The number of tourists visiting the province has risen more than 20 per cent since the start of the popular ad series.

Whenever Terry French sees an out-of-province licence plate, he acts like a quintessential Newfoundlander and strikes up a friendly conversation with a stranger. And when Newfoundland and Labrador's Minister of Tourism, culture and recreation asks those strangers what brought them there, the answer is music to his ears.

"Seven out of 10 people, immediately, say, 'I saw the ads,'" Mr. French said.

This kind of explicit return on marketing investment is rare, and highly prized by agencies and clients alike. But as the province launches its newest tourism ads on Monday, it will be fighting against becoming a victim of its own success.


It's easy to see why: The "Find Yourself Here" campaign has, at last count, racked up 173 awards globally. Non-resident visits to the province rose 22 per cent from the campaign's launch in 2006 to the end of 2010, and those visitors' spending was up 37 per cent in the same period.

Exact numbers from 2010 on are not available, because the province has launched a new exit survey to track tourism results being tabulated now. However Mr. French says indications are that the growth trend has continued in recent years.

"We're knocking on the door, in Newfoundland and Labrador, of tourism becoming a billion-dollar industry," he said.

But as the ads gained fans, the ministry and its St. John's-based ad agency, Target Marketing, began to notice some familiar-looking images and its general style in other tourism campaigns. Gorgeous high-definition shots of clotheslines swaying in the breeze against green hills became more popular, for example. And so Newfoundland has had to fight to continue developing the campaign so that it remains differentiated.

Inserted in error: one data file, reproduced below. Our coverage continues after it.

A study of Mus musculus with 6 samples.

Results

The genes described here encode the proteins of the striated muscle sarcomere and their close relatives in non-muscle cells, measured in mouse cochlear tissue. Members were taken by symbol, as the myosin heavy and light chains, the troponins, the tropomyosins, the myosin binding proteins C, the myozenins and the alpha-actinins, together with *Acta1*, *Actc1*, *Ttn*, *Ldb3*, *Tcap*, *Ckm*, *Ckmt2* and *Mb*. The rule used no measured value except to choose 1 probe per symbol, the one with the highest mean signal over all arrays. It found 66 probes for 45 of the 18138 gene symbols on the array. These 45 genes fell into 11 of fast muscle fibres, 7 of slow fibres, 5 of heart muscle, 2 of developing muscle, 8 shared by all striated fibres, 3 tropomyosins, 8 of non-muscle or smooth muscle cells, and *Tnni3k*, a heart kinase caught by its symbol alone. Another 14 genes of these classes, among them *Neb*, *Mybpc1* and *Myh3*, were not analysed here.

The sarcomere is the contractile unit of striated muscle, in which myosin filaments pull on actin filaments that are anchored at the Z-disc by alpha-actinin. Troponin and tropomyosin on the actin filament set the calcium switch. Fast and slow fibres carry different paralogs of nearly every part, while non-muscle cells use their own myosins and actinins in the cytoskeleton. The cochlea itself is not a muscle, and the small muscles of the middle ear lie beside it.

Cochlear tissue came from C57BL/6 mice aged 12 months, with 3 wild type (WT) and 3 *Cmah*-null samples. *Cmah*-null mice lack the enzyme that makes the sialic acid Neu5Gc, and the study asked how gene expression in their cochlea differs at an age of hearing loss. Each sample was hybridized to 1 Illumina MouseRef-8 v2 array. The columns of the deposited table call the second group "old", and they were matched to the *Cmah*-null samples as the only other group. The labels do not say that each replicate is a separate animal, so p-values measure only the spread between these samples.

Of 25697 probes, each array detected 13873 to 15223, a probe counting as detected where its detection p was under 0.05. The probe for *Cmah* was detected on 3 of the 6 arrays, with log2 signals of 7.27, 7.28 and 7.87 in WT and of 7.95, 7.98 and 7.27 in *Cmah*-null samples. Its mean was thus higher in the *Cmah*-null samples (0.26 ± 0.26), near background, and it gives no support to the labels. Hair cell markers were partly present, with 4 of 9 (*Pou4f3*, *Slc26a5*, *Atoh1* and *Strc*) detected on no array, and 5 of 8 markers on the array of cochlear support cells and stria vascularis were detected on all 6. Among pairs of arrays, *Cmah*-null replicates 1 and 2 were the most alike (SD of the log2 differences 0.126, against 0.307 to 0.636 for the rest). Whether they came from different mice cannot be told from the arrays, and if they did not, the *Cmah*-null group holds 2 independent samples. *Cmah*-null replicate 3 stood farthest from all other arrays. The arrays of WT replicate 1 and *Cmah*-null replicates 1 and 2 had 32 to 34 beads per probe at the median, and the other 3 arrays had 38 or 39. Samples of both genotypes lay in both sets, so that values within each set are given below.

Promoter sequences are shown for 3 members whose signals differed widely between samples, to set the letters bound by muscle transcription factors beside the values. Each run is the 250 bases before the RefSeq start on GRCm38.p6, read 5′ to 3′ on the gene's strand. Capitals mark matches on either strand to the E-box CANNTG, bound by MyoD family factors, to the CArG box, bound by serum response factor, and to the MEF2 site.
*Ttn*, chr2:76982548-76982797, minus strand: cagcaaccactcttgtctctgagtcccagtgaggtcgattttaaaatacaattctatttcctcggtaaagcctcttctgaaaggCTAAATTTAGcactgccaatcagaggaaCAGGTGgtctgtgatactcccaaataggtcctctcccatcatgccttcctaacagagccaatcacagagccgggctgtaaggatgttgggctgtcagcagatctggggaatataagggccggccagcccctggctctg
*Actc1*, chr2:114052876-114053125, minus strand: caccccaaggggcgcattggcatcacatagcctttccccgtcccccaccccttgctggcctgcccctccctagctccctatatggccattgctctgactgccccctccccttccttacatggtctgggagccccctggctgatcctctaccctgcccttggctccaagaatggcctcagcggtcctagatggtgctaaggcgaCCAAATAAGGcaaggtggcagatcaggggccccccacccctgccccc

The newest "chapters" (the internal name for each commercial, which the minister likes to see as installments in a serial tale of the province) will run until May, and focus on two elements that no other destination can claim. The first boasts about North America's most easterly point, Cape Spear. The other advertises Newfoundland and Labrador as having "more dialects than any other place on the planet." There are so many, in fact, that they would not fit into a 30-second spot. Instead, the commercial opts for a tune playing over images of people chatting away.

While each ad has changed, one element has remained constant: the end of each spot has a phone number and an entreaty to "Call Seamus," or "Call Joan." This first-name-basis ending was a conscious decision – to conjure up a feeling of intimacy and friendliness (though it also suggests a comical image of a solitary representative manning the phones for the entire province.)


"It's a challenge for our tourism industry. You have to work to get here. That's one thing we've tried to overcome," he said. "You've got to get on a ferry and drive or you've got to fly ... You don't happen on us. We have to say we're different."